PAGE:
Treaties are agreements between sovereign nations. American Indian nations, which are sovereign, or independent nations, as recognized by the U.S. Constitution; entered into hundreds of treaties with the U.S. government from 1778 to 1867. From 1785 to 1867 the U.S. signed more than 40 treaties with the Ojibwe people.
In exchange for land and mineral rights, tribes retained hunting, fishing and harvesting rights on the land that they had ceded. These rights were actually the life ways of the Ojibwe that they had been practicing for centuries which ensured their survival. The treaties also included annuity payments, debt payments and payments to individuals of the tribes.
The two most significant treaties that involved the Mille Lacs Band Of Ojibwe were the treaties of 1837 and 1855. The treaty of 1837 ceded much of the land around Mille Lacs Lake. The treaty of 1855 set aside 61,000 acres for a reservation on and around the south end of the lake.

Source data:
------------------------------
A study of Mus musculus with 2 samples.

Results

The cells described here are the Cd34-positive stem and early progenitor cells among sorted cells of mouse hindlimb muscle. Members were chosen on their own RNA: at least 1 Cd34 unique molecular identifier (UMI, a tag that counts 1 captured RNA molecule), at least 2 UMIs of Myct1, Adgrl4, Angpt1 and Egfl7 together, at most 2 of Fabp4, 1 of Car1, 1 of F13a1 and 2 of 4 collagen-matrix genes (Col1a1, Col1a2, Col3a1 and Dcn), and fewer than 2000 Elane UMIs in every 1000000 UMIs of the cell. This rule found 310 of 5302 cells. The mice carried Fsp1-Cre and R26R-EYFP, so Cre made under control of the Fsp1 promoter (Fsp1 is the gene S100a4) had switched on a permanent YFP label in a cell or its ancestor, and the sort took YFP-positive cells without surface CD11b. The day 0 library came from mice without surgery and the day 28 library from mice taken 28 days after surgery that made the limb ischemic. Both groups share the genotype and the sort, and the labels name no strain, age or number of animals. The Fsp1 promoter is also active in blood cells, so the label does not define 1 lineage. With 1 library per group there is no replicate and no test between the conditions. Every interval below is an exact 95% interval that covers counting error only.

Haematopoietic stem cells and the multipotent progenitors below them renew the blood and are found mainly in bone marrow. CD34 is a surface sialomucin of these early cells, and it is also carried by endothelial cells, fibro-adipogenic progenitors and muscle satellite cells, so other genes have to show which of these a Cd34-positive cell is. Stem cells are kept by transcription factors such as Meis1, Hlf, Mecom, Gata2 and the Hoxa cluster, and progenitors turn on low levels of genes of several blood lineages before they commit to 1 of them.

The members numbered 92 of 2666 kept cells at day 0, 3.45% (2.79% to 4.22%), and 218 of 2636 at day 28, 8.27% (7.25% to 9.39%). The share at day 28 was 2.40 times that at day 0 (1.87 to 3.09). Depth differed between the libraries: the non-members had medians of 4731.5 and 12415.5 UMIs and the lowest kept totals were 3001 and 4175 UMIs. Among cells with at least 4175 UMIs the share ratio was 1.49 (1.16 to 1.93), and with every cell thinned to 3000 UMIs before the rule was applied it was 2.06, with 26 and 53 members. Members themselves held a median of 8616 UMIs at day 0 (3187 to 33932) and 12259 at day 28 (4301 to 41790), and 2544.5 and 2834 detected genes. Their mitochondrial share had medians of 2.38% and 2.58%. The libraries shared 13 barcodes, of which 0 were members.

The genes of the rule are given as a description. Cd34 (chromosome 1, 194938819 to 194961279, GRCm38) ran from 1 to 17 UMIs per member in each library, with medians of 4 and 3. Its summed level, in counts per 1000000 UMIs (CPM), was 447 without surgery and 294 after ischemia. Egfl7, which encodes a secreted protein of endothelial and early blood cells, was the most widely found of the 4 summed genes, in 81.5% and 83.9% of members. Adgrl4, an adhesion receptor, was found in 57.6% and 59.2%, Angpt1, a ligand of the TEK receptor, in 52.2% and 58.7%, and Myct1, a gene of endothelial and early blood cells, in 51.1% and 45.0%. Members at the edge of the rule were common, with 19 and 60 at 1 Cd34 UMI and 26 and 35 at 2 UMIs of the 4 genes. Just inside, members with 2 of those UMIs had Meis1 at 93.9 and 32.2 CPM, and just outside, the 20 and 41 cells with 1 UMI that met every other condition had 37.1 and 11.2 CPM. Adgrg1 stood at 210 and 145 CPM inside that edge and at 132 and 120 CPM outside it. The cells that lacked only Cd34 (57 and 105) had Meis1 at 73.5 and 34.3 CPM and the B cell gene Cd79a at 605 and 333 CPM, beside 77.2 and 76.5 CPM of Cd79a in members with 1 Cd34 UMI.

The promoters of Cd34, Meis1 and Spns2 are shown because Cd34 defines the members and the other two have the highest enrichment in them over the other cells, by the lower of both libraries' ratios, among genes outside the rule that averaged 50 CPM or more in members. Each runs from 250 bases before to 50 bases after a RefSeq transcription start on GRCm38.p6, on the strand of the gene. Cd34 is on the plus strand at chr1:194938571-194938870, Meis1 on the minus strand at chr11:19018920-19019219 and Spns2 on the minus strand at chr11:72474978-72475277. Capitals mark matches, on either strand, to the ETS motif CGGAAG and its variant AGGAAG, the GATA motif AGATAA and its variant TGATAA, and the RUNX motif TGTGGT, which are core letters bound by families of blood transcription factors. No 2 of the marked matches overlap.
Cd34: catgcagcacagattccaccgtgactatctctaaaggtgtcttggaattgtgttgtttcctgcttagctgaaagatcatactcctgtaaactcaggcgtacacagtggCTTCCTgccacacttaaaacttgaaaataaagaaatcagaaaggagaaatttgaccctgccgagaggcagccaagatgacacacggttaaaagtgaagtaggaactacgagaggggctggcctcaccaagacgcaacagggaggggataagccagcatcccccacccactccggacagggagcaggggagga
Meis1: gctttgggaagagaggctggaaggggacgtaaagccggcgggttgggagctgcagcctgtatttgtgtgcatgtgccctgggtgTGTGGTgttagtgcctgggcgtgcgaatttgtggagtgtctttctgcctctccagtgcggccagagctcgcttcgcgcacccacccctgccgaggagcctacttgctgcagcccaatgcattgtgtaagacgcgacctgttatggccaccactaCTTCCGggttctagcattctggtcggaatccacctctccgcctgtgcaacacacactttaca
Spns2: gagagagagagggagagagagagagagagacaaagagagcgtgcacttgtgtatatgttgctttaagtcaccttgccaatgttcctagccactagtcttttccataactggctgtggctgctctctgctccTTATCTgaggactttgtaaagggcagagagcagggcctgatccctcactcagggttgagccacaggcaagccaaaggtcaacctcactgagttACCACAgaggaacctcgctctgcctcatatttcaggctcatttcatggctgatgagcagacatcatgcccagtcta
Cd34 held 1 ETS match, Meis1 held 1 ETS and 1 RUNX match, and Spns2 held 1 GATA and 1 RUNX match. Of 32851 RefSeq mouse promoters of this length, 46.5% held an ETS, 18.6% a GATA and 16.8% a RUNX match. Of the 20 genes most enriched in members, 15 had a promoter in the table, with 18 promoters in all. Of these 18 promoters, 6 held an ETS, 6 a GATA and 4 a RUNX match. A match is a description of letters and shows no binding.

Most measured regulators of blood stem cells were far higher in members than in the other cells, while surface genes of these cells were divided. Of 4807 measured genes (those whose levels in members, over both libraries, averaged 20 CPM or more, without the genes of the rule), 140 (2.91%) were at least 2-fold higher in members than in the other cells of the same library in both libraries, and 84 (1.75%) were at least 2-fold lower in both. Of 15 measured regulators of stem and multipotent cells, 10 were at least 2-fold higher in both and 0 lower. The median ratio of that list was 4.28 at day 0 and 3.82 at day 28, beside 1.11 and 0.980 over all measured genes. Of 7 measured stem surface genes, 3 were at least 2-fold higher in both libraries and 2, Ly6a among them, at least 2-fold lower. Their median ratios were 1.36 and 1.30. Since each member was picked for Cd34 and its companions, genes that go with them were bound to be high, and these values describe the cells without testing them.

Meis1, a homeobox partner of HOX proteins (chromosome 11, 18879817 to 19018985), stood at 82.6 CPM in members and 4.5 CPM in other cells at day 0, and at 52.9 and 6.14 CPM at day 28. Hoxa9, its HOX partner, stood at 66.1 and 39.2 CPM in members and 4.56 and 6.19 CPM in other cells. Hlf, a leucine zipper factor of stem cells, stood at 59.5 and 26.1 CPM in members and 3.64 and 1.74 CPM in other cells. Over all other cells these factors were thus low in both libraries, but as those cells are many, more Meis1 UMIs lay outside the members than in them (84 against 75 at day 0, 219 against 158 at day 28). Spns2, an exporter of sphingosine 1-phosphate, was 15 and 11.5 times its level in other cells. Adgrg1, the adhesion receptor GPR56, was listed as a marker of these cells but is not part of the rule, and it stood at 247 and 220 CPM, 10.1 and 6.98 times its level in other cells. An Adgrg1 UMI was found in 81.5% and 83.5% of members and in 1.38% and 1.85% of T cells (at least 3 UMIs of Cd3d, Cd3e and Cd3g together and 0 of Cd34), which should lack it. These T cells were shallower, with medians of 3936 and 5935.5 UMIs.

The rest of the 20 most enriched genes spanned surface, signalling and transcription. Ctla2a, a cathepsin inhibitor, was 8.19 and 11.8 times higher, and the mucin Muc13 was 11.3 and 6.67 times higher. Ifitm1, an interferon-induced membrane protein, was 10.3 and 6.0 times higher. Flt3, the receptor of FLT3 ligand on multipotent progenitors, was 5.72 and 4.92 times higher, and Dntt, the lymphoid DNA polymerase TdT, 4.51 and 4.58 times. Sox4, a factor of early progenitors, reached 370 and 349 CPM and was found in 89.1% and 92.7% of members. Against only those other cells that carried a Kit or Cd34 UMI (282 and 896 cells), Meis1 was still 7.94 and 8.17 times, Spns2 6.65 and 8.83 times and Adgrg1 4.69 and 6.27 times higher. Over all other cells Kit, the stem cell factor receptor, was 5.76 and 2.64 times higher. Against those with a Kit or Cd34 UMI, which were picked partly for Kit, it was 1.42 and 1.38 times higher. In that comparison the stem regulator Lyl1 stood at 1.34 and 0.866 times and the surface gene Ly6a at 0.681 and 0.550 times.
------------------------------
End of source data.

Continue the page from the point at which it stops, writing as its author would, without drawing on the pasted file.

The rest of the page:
Learn more about the U.S. treaties with Ojibwe and Dakota people at the companion website to the Why Treaties Matter exhibit which traveled throughout Minnesota in 2011-12.
Also, explore the Treaties section of the U.S.-Dakota War of 1862 website, which focuses on treaties with both the Ojibwe and the Dakota.
(Major Land Cessions through Treaties with Indian Groups in the Upper Mississippi River Region, 1830-1889)
As sovereign nations, tribes have the power of self-governance, or the right to establish their own form of political and legal authority. Other rights that tribes have include the right to determine tribal membership, the right to establish their own police force, the right to charter business organizations, and the right to administer their own judicial system. The last right means that tribal members cannot be sued in state court without waiving their sovereign immunity.